Four members of the Metropolitan King County Council said Monday the county needs to bow out of the animal-control business and let another agency take over.
Should King County be in the animal-shelter business or not?
Four members of the Metropolitan King County Council said Monday the county needs to bow out and let another agency take over.
The reaction — from Council Chair Julia Patterson, Vice Chairs Dow Constantine and Reagan Dunn and Councilmember Larry Phillips — follows the release of a long-awaited strategic plan on the future of King County Animal Care and Control.
The council was briefed Monday on the plan, which outlined three choices: whether the county should keep operating as is, discontinue providing animal-shelter services or partner with another agency.
- How ISIS methodically groomed a lonely young Wash. state woman
- Despite struggles on and off field, ex-Skyline star QB Jake Heaps still chasing his dream
- Navy stealthily targets Hood Canal development
- Lake City residents fight to regain use of now-private beach
- 1,000 flee homes as wildfire quickly spreads in Wenatchee
Most Read Stories
“The current model isn’t working, and frankly hasn’t worked for years,” Patterson said in a news release.
At the end of the meeting, Constantine directed county staff to examine option three — the partner model. This means, essentially, that the county would step out of the animal-control business and transfer responsibilities to another entity, according to the report.
“There are many details to be worked out, including the effect that moving to a community-based system will have on our valued county employees,” Constantine said. “Our employees and their representatives will certainly be part of our discussions as part of a transition plan to a new organizational model.”
Animal control has come under fire in the past year for running understaffed, overcapacity shelters in Bellevue and Kent, with high euthanasia rates.
Two reports, one from a citizens committee in 2007 and a follow-up from a group of veterinarians at the University of California, Davis, called conditions at the Kent shelter deplorable. The reports pointed to poor sanitation, outbreaks of canine parvovirus and feline upper-respiratory infections, failure to vaccinate some animals and no place to isolate sick dogs.
County Executive Ron Sims said the county is in discussions with leaders of the Seattle Humane Society over a possible partnership where animal care would be split between the county and the nonprofit organization, which operates a shelter in Bellevue.
Sims said he thinks the county should pick up strays and “hold animals” that may be returned to their owners or that are quarantined because of disease.
A nonprofit partner, he said, would spearhead adoption efforts and would care for animals released from quarantine and cleared for adoption. Sims said he envisions the county and the nonprofit “co-locating” their shelters.
The county “has met every goal” set by the County Council for its shelters, Sims said. While he acknowledged that major facilities must be improved, he said the county can’t simply do away with its shelter system.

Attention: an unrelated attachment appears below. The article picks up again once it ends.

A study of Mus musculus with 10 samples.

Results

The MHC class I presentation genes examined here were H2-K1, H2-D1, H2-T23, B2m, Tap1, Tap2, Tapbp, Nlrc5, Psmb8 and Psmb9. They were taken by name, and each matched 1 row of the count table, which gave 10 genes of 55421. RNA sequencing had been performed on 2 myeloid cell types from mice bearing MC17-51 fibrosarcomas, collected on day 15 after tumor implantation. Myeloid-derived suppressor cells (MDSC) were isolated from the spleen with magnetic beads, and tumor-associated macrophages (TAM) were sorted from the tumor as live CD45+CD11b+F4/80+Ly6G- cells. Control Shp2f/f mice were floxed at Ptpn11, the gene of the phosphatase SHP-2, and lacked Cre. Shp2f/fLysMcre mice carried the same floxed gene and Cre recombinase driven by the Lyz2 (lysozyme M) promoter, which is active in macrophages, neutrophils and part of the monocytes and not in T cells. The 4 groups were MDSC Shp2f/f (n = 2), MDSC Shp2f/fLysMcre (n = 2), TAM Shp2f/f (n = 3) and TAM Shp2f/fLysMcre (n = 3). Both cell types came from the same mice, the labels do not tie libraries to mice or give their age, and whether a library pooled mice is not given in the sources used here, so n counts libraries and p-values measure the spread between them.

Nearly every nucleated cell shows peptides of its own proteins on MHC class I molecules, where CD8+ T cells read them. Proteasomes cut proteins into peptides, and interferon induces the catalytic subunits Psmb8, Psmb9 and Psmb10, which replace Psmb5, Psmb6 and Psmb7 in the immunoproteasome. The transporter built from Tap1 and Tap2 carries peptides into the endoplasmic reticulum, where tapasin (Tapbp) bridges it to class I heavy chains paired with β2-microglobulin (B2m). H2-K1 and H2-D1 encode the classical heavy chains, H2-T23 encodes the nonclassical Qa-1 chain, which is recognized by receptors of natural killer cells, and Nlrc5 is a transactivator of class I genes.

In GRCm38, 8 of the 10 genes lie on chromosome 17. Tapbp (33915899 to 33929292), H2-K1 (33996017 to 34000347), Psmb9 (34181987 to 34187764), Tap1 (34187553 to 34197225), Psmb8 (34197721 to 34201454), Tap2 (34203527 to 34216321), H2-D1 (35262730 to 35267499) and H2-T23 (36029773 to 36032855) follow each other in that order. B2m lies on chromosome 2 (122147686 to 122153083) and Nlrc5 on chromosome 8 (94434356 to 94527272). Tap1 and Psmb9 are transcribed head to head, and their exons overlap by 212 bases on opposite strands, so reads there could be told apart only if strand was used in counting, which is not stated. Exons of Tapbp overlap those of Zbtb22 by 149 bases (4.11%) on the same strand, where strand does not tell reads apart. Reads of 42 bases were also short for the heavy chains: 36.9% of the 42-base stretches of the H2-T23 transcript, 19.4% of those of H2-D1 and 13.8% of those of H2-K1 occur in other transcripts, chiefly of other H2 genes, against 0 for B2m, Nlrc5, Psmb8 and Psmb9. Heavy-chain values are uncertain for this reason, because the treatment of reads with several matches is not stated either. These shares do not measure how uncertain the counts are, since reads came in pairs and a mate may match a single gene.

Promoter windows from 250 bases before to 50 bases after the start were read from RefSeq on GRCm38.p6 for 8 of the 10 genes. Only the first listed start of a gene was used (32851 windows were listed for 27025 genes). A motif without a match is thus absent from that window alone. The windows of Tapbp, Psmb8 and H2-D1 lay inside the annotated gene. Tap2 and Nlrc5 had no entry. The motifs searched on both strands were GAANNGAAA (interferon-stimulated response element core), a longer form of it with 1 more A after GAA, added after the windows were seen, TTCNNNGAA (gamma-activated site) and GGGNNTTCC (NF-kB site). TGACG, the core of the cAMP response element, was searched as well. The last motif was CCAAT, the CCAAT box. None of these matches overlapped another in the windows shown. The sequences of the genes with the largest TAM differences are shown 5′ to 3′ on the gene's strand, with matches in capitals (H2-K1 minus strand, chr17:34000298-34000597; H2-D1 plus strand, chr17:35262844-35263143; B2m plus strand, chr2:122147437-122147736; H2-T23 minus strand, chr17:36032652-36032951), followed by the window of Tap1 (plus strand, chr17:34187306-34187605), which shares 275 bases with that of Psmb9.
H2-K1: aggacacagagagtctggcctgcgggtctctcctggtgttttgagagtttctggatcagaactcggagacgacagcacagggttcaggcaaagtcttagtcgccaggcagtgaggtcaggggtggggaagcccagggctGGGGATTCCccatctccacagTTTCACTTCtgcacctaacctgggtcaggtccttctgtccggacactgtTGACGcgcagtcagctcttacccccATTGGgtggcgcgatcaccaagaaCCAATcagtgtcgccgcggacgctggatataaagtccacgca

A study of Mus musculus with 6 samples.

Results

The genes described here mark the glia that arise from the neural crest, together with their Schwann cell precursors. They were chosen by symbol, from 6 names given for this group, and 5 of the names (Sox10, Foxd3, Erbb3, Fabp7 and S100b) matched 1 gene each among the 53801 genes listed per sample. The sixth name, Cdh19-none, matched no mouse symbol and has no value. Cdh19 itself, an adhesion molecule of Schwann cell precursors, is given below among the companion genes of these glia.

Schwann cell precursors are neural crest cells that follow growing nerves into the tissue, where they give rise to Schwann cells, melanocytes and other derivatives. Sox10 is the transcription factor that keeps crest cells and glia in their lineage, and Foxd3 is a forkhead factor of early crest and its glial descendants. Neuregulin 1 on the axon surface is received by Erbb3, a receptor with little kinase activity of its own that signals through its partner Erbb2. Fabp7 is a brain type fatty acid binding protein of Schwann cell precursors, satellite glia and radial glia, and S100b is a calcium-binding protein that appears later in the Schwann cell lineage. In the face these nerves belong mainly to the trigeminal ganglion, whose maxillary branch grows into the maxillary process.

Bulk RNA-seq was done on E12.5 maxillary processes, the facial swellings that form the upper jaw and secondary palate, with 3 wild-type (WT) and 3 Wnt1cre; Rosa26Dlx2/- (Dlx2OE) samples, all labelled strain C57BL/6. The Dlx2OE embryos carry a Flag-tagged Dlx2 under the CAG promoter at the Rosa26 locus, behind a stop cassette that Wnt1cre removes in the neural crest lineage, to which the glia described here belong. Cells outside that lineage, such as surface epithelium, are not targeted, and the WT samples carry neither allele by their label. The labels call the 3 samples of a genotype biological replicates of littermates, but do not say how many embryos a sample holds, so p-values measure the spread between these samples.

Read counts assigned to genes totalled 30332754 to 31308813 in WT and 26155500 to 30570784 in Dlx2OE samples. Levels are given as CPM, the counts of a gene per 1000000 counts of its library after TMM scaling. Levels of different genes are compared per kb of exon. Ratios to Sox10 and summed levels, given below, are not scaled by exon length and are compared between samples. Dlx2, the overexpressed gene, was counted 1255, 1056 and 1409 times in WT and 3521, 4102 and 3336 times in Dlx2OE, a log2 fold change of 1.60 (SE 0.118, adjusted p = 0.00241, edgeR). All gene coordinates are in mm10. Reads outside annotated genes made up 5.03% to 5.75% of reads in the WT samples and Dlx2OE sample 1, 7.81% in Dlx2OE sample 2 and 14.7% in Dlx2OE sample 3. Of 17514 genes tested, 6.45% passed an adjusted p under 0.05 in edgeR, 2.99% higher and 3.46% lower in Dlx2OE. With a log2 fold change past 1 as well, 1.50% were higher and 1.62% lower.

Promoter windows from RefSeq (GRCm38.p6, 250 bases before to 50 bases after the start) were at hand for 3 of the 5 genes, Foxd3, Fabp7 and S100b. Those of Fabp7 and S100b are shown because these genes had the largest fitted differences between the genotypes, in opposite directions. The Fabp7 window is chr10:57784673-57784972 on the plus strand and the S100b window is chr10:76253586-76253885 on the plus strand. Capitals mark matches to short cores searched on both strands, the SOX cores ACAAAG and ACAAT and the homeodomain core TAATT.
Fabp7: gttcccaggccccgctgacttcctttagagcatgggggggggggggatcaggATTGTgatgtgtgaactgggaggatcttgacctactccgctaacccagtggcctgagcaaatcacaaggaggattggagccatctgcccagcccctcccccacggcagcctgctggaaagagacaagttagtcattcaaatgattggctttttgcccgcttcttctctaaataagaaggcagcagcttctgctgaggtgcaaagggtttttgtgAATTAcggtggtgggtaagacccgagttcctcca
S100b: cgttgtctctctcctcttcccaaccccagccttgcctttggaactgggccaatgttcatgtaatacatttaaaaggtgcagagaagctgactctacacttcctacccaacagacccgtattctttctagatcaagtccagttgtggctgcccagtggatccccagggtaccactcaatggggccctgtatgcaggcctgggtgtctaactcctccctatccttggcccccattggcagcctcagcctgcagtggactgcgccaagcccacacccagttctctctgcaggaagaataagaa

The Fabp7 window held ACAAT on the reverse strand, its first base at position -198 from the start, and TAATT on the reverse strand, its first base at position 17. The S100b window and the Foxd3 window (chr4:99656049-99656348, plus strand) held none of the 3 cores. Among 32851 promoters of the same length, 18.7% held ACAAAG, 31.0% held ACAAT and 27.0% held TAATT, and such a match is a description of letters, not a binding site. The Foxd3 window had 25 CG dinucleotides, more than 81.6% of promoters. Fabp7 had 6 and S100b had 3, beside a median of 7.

“In the end,” Sims said, “we have 1,000 animals a month. The issues were ‘Where do you take 1,000 animals?’ It is clear nonprofit agencies can’t absorb 1,000 animals.”
This stance drew the ire of animal-shelter-reform advocates who staged a protest at noon Monday in front of Seattle City Hall. The protest was organized by King County Animal Care and Control (KCACC) Exposed, which say the county must wash its hands of the animal-sheltering business.
A group of about 40 people held signs and chanted “Ron Sims, enough is enough!” Some brought their dogs wearing messages printed with the words “Ron Sims, animals first, politics last.”
Wendy Keller, acting manager for animal control, attended the protest. She pointed to the strides made this year at the shelters, such as expanding the foster-home program, improving sanitation procedures and reducing the euthanasia rate to 20 percent.
“We respect [the protesters'] viewpoint,” she said. “But they aren’t looking at what’s happened in the past year … people are walking around with a lot of misinformation.”
In Snohomish County, animal-sheltering services are contracted out to the city of Everett animal shelter and to the private nonprofit Progressive Animal Welfare Society (PAWS) in Lynnwood. The county has not been in the animal-shelter business for more than a quarter-century.
Everett Animal Services director Bud Wessman notes that Snohomish County’s policy differs from King and Pierce counties, and Thurston County.
“Because there is no state mandate, it’s really up to each agency to determine what they want to provide,” Wessman said.
In Pierce County, the private nonprofit Humane Society for Tacoma and Pierce County, which is not a municipal agency, handles animal-shelter services countywide.
The county, as well as cities in Pierce County, pays the nonprofit for sheltering services. But the Humane Society does not handle animal-control duties or licensing for the county or the cities within Pierce County, said Denise McVicker, deputy director for The Humane Society for Tacoma and Pierce County.
Sonia Krishnan: 206-515-5546 or email@example.com.
Staff reporter Keith Ervin and Charles E. Brown contributed to this story.